Pandas might soon be returning to California, Chinese President Xi Jinping suggested Wednesday at a dinner in San Francisco attended by hundreds of U.S. business leaders.
The return to China this month of the three giant pandas at the National Zoo in Washington has raised concerns that the United States could soon have none of the beloved bears. Pandas, which are endemic to China, have been a symbol of U.S.-China friendship since Beijing sent the first two to Washington in 1972 in what is known as “panda diplomacy.”
“I was told that many American people, especially children, were really reluctant to say goodbye to the pandas, and went to the zoo to see them off,” Xi said. “I also learned that the San Diego Zoo and the Californians very much look forward to welcoming pandas back.”
Xi did not say how many pandas might be sent to the U.S. or when.
The friendly gesture came after a day of talks between Xi and President Joe Biden on the sidelines of the Asia-Pacific Economic Cooperation (APEC) forum, aimed at easing fears that the world’s two biggest economies could be headed toward conflict. The four-hour summit was the first time the two leaders had spoken in a year.
They reached agreement on a number of issues such as the resumption of military-to-military communications and cooperation on counternarcotics, including curbing the flow from China of precursor chemicals and pill presses that contribute to the U.S. fentanyl crisis.
Xi then attended a dinner for U.S. business leaders, hosted by the U.S.-China Business Council and the National Committee on U.S.-China Relations, while Biden went to a dinner for APEC leaders.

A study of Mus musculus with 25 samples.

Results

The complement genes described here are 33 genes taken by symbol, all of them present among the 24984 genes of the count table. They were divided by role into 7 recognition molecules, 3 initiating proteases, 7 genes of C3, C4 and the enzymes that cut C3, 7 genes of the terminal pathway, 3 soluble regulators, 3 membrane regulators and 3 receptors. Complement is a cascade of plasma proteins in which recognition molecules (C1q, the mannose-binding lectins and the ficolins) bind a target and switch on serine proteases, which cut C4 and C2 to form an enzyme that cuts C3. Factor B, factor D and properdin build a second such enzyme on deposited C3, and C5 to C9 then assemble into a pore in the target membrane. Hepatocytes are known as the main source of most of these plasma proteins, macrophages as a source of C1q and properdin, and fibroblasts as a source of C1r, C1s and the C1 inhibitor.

For Xi, the dinner was a chance to court American businesses as China grapples with an economic slowdown. U.S. executives, meanwhile, were seeking insight on how to do business in an environment they see as increasingly unpredictable.
U.S. lawmakers and others had criticized those attending the dinner as ignoring China’s human rights record.
It is “unconscionable that American companies might pay thousands of dollars” to attend a dinner with Xi, said Rep. Mike Gallagher, R-Wis., chairman of the House Select Committee on the Chinese Communist Party, citing rights abuses in the Chinese region of Xinjiang that the U.S. government has said amount to genocide. China denies the allegations.
Among the roughly 400 dinner guests were Apple CEO Tim Cook, Salesforce CEO Marc Benioff, Boeing Commercial Airplanes CEO Stan Deal and FedEx CEO Raj Subramaniam. Organizers said Tesla CEO Elon Musk attended an earlier reception but was not present at the dinner.
Addressing the room, Commerce Secretary Gina Raimondo said the vast majority of the U.S. trade and investment relationship with China is not affected by national security concerns and that the U.S. is committed to promoting reciprocal trade and investment in those areas.
“A growing China that plays by the rules is in all of our interests,” she said.
Xi then spoke for more than 35 minutes, receiving a standing ovation before and after.
In a world of challenges, he said, the U.S. and China “must handle our relations well.”
China is ready to be a partner of the United States, and the world needs that relationship, Xi said, adding there was “plenty of room for our cooperation” as he rejected the view that China is a threat.
“We should build more bridges and pave more roads for people-to-people interactions,” he said. “We must not erect barriers or create a chilling effect.”
Xi said pandas had long been “envoys of friendship” between the American and Chinese people.
The departure of the National Zoo pandas left Zoo Atlanta’s four pandas as the only ones in the United States, and their loan agreement expires next year.
The San Diego Zoo has not had any giant pandas since 2019, and the last panda at the Memphis Zoo returned to China in April.
“We are ready to continue our cooperation with the United States on panda conservation,” Xi said, “and do our best to meet the wishes of the Californians so as to deepen the friendly ties between our two peoples.”